My Frozen Face

Amelia Jones relives her frightening experience of facial paralysis, and reminds us that a smile goes a long way in ‘My Frozen Face’


I welcomed in the New Year excited to graduate and enthusiastic to enter the real world, but I faced an overwhelming sense of anxiety as looming deadlines and the mammoth task of my third year dissertation weighed heavy on my mind. The events that followed were eye watering in the most physical sense.

As I entered the Accident and Emergency room on a rainy January morning, stumbling over my words as I frantically tried to articulate my address to the receptionist, I burst into a flood of tears, and was enveloped by a sense of extreme desperation. I had woken up that morning with half of my face frozen in a motionless stare. No movement or sensation, my smile an awkward and painful tear across the right side of my face. My left eye was lifeless as tears streamed down my cheek and the bitter winter air slowly dried the surface of my eye.

Facial Paralysis, otherwise known as Bells Palsy, affects around 1 in 5000 people in the UK according to Facial Palsy UK, the only existing charity for facial paralysis. There is currently no cure for the condition and due to a lack of awareness and interest, research into treatment is very limited. In most cases it is believed that facial movement will return to a completely normal function, however recovery time can range from anywhere between 3 weeks to 9 months, depending on how severely damaged the facial nerve is. Fortunately mine lasted only around 5 weeks, although that’s not to say recovery was easy.

Facial paralysis is not an issue that I ever thought that I would be faced with, especially not as a twenty year old, third year student, at the beginning of my career and the most important moment of my degree. The doctor believed that the paralysis was caused by a combination of university-induced stress and a virus that had inflamed the facial nerves in my neck. As she reassured me that my face would eventually return to its normal function, but there was no way of telling how or when, I stared hopelessly at my emotionless reflection. The next few days passed and my reflection greeted me daily with the same empty stare. I worked relentlessly at my university assignment which was due in a mere five days time, and powered through on a concoction of twenty one pills a day, in attempt to reduce inflammation and relieve the excruciating pain that had consumed what once was my neck.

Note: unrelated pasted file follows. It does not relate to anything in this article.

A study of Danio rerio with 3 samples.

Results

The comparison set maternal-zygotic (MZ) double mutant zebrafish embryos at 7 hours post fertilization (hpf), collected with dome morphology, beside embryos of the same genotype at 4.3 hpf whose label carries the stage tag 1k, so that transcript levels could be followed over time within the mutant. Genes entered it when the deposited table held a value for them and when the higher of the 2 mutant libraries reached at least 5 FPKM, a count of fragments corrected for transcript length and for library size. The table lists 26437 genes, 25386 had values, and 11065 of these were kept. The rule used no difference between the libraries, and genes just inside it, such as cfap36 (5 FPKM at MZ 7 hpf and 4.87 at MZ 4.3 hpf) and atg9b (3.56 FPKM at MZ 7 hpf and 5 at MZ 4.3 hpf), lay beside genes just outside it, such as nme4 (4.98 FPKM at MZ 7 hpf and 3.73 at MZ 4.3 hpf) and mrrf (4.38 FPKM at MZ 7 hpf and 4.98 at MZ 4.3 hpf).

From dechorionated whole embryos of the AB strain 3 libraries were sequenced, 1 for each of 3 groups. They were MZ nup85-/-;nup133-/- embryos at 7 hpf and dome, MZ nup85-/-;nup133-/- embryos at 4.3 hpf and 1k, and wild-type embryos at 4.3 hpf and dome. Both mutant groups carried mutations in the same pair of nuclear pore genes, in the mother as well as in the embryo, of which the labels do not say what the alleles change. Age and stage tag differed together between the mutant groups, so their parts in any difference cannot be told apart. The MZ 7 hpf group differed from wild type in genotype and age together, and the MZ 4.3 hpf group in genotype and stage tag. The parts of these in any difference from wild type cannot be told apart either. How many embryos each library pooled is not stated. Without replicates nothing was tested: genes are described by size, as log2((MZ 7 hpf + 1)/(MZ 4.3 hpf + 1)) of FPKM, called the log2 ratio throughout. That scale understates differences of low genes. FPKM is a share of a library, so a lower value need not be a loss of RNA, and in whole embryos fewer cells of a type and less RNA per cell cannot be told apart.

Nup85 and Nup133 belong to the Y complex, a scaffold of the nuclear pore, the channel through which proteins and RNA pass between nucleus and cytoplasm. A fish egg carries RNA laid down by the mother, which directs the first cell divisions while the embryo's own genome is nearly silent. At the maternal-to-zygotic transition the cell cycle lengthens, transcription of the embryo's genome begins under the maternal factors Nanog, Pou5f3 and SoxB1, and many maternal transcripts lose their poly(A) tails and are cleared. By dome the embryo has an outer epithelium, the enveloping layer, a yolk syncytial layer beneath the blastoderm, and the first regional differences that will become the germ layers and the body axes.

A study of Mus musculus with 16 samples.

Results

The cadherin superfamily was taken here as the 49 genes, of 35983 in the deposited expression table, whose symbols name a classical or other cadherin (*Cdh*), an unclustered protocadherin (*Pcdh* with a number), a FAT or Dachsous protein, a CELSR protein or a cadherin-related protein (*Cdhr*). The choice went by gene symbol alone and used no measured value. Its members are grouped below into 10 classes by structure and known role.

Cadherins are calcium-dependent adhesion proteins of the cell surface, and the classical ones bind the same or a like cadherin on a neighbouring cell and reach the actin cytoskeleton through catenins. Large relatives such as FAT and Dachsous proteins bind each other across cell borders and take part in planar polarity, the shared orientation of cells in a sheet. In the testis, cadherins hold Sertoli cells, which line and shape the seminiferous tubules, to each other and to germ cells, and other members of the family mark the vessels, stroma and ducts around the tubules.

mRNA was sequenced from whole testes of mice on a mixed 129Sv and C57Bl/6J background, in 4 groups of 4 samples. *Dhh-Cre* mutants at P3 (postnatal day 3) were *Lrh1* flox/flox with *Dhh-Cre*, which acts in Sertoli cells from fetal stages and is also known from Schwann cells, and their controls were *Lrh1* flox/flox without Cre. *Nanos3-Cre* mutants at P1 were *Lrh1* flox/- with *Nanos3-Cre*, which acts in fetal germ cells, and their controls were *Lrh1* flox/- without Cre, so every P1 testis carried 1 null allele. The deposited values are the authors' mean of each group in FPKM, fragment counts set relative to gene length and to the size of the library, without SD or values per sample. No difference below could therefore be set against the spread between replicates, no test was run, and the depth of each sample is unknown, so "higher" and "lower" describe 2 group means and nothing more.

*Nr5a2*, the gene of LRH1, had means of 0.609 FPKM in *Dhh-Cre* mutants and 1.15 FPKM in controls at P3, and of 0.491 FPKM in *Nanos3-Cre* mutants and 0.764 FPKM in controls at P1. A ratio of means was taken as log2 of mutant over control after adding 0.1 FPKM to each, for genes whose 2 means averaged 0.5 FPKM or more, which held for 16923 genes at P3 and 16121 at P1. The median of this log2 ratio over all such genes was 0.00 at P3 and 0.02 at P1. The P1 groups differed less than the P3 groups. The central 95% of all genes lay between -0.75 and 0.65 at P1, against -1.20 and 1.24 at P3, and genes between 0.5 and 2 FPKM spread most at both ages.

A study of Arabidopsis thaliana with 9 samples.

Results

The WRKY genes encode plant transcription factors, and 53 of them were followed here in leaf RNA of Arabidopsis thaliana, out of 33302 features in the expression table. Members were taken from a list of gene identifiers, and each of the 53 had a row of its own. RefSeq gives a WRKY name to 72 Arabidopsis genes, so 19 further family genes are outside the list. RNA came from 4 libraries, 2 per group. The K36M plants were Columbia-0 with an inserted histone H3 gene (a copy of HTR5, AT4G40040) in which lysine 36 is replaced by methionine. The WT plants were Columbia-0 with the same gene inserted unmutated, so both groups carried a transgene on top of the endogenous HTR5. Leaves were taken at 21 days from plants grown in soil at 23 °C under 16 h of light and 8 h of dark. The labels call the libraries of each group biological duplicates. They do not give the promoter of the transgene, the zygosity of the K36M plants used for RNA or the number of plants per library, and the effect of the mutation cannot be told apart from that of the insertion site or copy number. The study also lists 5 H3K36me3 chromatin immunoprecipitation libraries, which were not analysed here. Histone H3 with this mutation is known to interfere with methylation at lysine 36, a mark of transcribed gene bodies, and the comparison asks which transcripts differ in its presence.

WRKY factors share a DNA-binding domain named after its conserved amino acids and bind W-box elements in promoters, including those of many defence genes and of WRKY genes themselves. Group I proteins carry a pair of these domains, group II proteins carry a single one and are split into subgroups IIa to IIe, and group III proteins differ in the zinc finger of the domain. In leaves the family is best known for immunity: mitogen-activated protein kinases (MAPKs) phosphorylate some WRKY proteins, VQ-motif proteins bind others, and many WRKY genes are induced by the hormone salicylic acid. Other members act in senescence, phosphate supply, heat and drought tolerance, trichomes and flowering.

In these days I came to realise how important a person’s face is. It is the source of identity and emotion. It is the site of happiness, sadness, love and hate. The face has the power to convey things that words cannot. In many ways the worst part about Facial Paralysis is not the pain or the paralysis itself, but the fact that it removes your identity and sense of self literally overnight.

I receded into the confinement of my room for the next week because the walls could not judge or stare. The university stress which had caused my paralysis seemed nothing compared to the feelings of extreme self consciousness that awaited me in public places. On one occasion whilst shopping with my mother in Cardiff, a teenage girl glared at me on an escalator as she thought that I was winking at her boyfriend, due to my inability to blink. In another situation whilst at a local pub, a young man began to make small talk at the bar with me – he made a swift and awkward exit when I laughed and revealed my paralysed face in all its wonky glory.

It was these things that hurt me the most. I was not one to really care what people generally thought of me. I have always been confident in myself, my style and my beliefs, and yet as soon as people began judging me on something that was physically out of my control, I felt branded in a negative and nasty way. It left me quite disheartened that society could judge someone in such a ‘face value’ manner.

If facial paralysis has taught me anything it is that despite the fact many people say that it is what’s on the inside that counts, the outside is still important. As students we all let stress take over our lives occasionally and wonder how we will every make it through the mountain of work that faces us. But we should never take for granted the little things in life, especially something as simple and beautiful as a smile, which can brighten even the most melancholy person’s day. The small things in life sometimes can have the most value.